I had plans for the shop table in the run up to christmas – a series of displays of lovely books that I had collected in the previous months and all looking lovely.
My colleague, who does splendid things in the window, and I spent some time hunched together thinking what we could do to maximise sales at this most important time of the year.
I had started collecting books for months in advance – books that were unread or hardly read by their careful owners – who then donated them to us.
Quality stuff for christmas.
I had teetering towers of boxes which our ever-patient manager had to dismantle into safe groupings which no one could trip over.
Anyway, we thought we had christmas sorted.
And I launched the table with place settings of nice old cutlery, and a book on each plate as well as mounds of Oxfam chocolate coins and some candlesticks etc etc.
Standing back and feeling pleased, I was shocked when moments later a customer bought something and I had to rush round making it all look nice again.
(I had time to fiddle about because donations were slow – but more of that later.)
And so it went on.
We put stuff out – lovely books on various themes, the best bric-a-brac we had, all styled and looking great – and then they were bought.
My teetering piles of boxes of our best books dwindled – or not so much dwindled as disappeared faster than frost in the Sahara.
Now, we can’t order more books, we can only look around what we have got with an increasingly panicky feeling to see what we can muster.
We have, at the moment, a lot of military history, but good seller though it may be, its not really in the mood.
And we really hadn’t had many donations – the odd box of 1980s cookery books and atlases but nothing of any use.
Of course, along with the boxes of ‘present’ books, we do throughout the year, collect books on christmas – crafts, cookery, children’s nativity, fiction, endless copies of The Christmas Carol.
So, I decided we would make a table around stars – what with Tim Peak being from Chichester and all – and the guiding star, and even, perhaps, Star Wars.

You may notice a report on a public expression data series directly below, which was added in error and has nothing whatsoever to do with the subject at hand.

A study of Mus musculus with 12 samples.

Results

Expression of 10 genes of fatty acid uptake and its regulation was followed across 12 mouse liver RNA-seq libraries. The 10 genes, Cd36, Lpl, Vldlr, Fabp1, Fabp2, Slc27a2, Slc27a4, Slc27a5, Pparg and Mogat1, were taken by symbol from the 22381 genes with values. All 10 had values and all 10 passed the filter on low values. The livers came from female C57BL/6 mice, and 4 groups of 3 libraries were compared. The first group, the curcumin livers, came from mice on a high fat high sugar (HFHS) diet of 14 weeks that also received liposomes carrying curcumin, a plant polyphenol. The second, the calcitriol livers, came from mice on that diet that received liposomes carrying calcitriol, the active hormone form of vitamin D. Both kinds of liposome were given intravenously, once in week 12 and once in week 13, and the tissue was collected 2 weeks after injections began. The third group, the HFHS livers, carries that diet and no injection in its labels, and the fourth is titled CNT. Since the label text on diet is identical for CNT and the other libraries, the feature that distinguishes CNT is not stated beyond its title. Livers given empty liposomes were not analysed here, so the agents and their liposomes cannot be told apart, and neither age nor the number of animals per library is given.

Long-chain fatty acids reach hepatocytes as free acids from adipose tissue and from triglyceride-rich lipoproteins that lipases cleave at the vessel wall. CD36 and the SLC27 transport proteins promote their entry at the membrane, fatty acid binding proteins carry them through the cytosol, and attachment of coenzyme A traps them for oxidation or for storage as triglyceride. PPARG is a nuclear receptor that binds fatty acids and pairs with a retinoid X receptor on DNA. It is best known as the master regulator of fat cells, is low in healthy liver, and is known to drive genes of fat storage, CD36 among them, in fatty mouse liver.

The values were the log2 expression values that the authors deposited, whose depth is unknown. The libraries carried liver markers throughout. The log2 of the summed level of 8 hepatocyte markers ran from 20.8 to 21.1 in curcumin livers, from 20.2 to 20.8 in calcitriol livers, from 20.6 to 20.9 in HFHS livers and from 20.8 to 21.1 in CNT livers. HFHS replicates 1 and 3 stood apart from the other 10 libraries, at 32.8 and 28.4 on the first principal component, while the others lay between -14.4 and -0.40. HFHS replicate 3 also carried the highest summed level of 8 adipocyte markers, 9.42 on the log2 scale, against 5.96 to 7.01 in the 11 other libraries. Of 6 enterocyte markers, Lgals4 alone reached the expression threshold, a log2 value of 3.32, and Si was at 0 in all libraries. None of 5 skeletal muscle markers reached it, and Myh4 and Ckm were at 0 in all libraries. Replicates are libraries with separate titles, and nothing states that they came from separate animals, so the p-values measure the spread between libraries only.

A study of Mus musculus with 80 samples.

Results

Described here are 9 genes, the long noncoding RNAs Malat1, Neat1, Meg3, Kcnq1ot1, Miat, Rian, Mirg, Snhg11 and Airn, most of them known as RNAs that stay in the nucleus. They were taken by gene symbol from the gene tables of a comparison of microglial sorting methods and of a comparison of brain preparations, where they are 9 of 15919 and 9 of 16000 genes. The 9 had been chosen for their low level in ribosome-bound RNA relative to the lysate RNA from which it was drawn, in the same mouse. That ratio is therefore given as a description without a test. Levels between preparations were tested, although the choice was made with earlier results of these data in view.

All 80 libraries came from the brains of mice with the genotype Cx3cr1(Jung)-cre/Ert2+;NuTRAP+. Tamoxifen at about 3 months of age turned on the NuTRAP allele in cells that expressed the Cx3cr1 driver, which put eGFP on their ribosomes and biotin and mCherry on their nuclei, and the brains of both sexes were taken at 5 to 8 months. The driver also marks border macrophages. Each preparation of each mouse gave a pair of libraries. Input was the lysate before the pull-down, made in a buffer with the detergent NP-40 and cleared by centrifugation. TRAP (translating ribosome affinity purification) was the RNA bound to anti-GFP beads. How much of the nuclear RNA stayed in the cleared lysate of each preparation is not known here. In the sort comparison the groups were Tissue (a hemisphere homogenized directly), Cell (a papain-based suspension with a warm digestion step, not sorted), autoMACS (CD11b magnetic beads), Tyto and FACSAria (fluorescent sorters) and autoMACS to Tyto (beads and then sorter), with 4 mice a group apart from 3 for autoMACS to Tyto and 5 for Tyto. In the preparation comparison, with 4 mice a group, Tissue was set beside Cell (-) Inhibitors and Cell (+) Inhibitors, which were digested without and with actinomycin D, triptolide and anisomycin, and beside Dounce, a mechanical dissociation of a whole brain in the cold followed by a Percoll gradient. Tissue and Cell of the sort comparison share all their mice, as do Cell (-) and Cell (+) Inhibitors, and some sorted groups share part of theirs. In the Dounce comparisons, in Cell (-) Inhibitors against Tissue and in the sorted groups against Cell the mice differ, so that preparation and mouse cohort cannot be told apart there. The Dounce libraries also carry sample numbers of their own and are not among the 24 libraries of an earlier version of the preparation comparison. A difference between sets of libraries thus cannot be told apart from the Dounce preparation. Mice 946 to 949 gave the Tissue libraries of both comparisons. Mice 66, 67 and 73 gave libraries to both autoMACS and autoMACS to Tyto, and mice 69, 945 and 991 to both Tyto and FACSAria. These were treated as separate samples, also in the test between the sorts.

We had, I knew, more nativity books than you could shake a donkey at – as well as Brian Cox and a lovely 1930s book called The Midnight Star which has the loveliest engravings of the night sky.
Could I find a nativity book? I could not. They had all been sold – nothing short of a miracle as usually we always have a pile leftover in January.
Still, nothing deterred, we set up this table with a few stars from the 99p Shop scattered about as props, and the books.
And as they sold in front of my very eyes, we luckily had an influx of children’s books including several with stars in their titles – and then they sold within minutes!
Anyway, stars are it until christmas eve so I am really hoping they last.
As for donations, let me tell you that the populace of Petersfield has, rather unlikely though it may sound, decided to have a good clear out of books just before christmas and yesterday we had so many donations we were stacking boxes in the shop itself.
I must admit that apart from a great collection of young children’s books, the many of the rest came out of garages into sacks.
My colleague and I spent all afternoon sorting and sorting, and sorting and sorting – and because it was the run up to christmas, having a very busy time in the shop too – I think we took more on one day than we have taken in a very, very long time, if ever.
There was one short moment when there was only one customer, a postman from the Royal Mail office next door.
He saw me putting aside some very browned books to one side and said some of them looked interesting, how much would they be?
I gave him one I knew was a good read for free and wished him happy christmas – the rest went in a sack.